Cuban cuisine fuses the bold styles and spices of Spanish, African, and Caribbean foods, resulting in a unique flavour. Food is simple but very flavourful, often seasoned with garlic, cumin, oregano, and bay laurel leaves. Many Cuban dishes incorporate sofrito, which consists of fried onion, green pepper, garlic, oregano, and ground pepper. This base is added to most black beans, stews, meat dishes, and tomato sauces. The staples of Cuban food include roasted or fried meat and plantains, as well as rice and beans, which is served with nearly every meal besides breakfast.
Arroz con Pollo
Arroz con pollo (chicken with rice) is one of the most beloved chicken dishes in Cuba. The rice is a short-grained Valencia-style rice, picked up from Cuba’s Spanish heritage. Some people flavour the rice with saffron, but most Cubans use annatto oil (from the rust-coloured annatto seed) instead. The dish uses chicken pieces simmered with chopped green pepper, onion, garlic, saffron or annatto oil, bay leaf, cayenne pepper, oregano, cumin, salt, pepper, chopped tomatoes, peas, rice, white wine, and water.
Pollo asado is a Cuban-style roasted chicken in a mojo sauce bursting with flavour. The chicken is marinated in the sauce infused with cumin, salt, oregano, garlic, lime, and orange juice then baked until tender.
Picadillo is true Cuban comfort food. Traditionally eaten at lunch, this beef hash dish can be served on its own, with rice, or used to fill pastelitos to make little meat pies. It can be served dry (thicker) or wet (soupier) with a little extra tomato sauce and wine.
Cuban Black Beans
This popular dish is possibly the most common in Cuba. It is usually eaten with a side of white rice, soup, or topped with avocado and chopped onions. The black beans are soaked in water with a laurel leaf overnight. The next day chopped green pepper, onion, salt, and garlic cloves are added, as well as ketchup, Tabasco, black pepper, Worcestershire sauce, and sugar.
Ajiaco, a chunky meat and vegetable stew, is the national dish of Cuba. The name literally means 'something with many ingredients', so it is no surprise the dish has come to symbolise the Cuban peoples’ diverse ethnic backgrounds. The stew contains sweet potato, yucca root, plantains,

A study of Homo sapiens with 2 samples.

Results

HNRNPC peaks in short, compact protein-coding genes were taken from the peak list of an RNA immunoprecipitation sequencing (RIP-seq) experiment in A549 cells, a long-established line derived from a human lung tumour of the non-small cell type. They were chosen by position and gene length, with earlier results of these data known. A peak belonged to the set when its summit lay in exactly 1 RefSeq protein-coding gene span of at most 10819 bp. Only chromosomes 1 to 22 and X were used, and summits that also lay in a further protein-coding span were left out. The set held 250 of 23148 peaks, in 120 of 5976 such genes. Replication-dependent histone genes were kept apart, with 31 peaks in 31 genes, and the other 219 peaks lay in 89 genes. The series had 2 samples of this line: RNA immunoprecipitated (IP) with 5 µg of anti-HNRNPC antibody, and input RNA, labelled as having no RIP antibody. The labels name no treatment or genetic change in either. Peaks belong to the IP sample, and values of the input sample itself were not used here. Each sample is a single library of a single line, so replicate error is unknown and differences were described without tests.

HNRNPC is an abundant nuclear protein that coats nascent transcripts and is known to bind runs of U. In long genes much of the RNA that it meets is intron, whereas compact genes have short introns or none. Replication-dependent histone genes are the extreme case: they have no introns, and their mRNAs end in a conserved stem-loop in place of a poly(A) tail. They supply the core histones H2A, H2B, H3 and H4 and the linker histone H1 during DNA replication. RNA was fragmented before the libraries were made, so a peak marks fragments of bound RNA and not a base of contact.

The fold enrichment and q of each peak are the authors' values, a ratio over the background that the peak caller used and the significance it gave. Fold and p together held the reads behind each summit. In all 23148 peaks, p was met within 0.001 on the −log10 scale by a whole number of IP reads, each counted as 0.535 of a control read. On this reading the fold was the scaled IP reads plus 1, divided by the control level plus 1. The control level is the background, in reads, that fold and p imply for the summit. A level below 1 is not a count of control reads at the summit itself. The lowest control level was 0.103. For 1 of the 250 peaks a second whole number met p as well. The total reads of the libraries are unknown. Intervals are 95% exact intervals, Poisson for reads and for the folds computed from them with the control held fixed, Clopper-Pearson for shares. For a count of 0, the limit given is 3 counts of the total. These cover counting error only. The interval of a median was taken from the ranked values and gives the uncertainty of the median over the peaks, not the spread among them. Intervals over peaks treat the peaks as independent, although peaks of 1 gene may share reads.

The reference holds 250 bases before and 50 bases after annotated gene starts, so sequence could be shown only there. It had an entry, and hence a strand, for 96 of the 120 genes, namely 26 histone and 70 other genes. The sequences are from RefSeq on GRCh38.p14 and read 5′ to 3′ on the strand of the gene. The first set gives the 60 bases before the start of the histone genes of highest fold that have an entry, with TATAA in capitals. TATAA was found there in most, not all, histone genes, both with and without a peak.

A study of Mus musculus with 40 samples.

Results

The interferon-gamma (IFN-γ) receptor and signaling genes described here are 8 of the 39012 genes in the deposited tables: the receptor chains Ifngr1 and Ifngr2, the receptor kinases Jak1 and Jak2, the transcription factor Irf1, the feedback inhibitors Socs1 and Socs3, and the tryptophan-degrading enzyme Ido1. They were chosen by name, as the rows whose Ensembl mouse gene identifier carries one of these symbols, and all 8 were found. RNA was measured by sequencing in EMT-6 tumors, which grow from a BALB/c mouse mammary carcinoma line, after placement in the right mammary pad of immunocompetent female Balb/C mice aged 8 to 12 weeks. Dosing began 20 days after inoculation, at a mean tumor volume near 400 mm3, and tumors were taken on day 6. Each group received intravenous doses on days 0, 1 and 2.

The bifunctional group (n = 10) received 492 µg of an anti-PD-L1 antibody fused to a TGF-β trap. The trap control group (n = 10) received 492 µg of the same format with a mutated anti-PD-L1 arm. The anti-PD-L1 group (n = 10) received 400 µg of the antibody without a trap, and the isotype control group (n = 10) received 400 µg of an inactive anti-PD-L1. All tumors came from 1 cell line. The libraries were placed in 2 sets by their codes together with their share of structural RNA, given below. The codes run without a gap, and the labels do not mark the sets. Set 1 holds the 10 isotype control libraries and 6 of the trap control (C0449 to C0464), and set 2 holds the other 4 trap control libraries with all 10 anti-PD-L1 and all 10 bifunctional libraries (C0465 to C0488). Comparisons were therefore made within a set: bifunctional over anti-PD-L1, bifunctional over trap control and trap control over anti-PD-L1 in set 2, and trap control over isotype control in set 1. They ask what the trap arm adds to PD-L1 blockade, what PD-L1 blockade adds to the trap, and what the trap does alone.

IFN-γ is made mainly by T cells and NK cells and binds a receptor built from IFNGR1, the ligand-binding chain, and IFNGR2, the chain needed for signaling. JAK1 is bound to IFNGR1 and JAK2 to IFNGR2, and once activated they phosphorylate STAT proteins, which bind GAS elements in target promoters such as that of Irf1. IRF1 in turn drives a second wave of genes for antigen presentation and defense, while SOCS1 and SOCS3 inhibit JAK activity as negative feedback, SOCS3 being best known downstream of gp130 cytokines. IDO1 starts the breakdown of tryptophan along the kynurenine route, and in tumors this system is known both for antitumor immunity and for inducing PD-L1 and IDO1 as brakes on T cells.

Street food in Cuba is ubiquitous, greasy, fried, yet surprisingly tasty. Sold from stands, baskets, wheelbarrows, and windows, you will find it available everywhere. Be careful to only order street food from vendors whose food is clean, fresh, and cooked right in front of you.
Cuban pizza is similar to typical pizza. It includes a thick slice of dough layered with a thin, seasoned coating of tomato sauce and sprinkled with cheese.
Cubans are fond of fritters, and they are available from just about every street vendor. Try churros, long, stick-like pieces of deep-fried dough, or chicharitas de platano, thinly-cut plantains flash fried in oil.
This popular dish is a rounded ball of mashed potatoes. The ball is filled with seasoned, fried meat, then breaded and deep fried.
This popular lunch item is made on lightly buttered Cuban bread then pressed in a panini-type grill to heat the contents. Pan con chorizo is a sandwich of pork sausage is seasoned with paprika. Pan con bistec includes pork steak fried with garlic and onions.
Unlike their Mexican counterparts which are made from cooked, dried hominy corn, Cuban tamales are made from fresh corn scraped off the cob. The little corn husks are filled with a paste of ground or grated corn seasoned with tomato, onion, garlic, cumin, green peppers, and fried pork.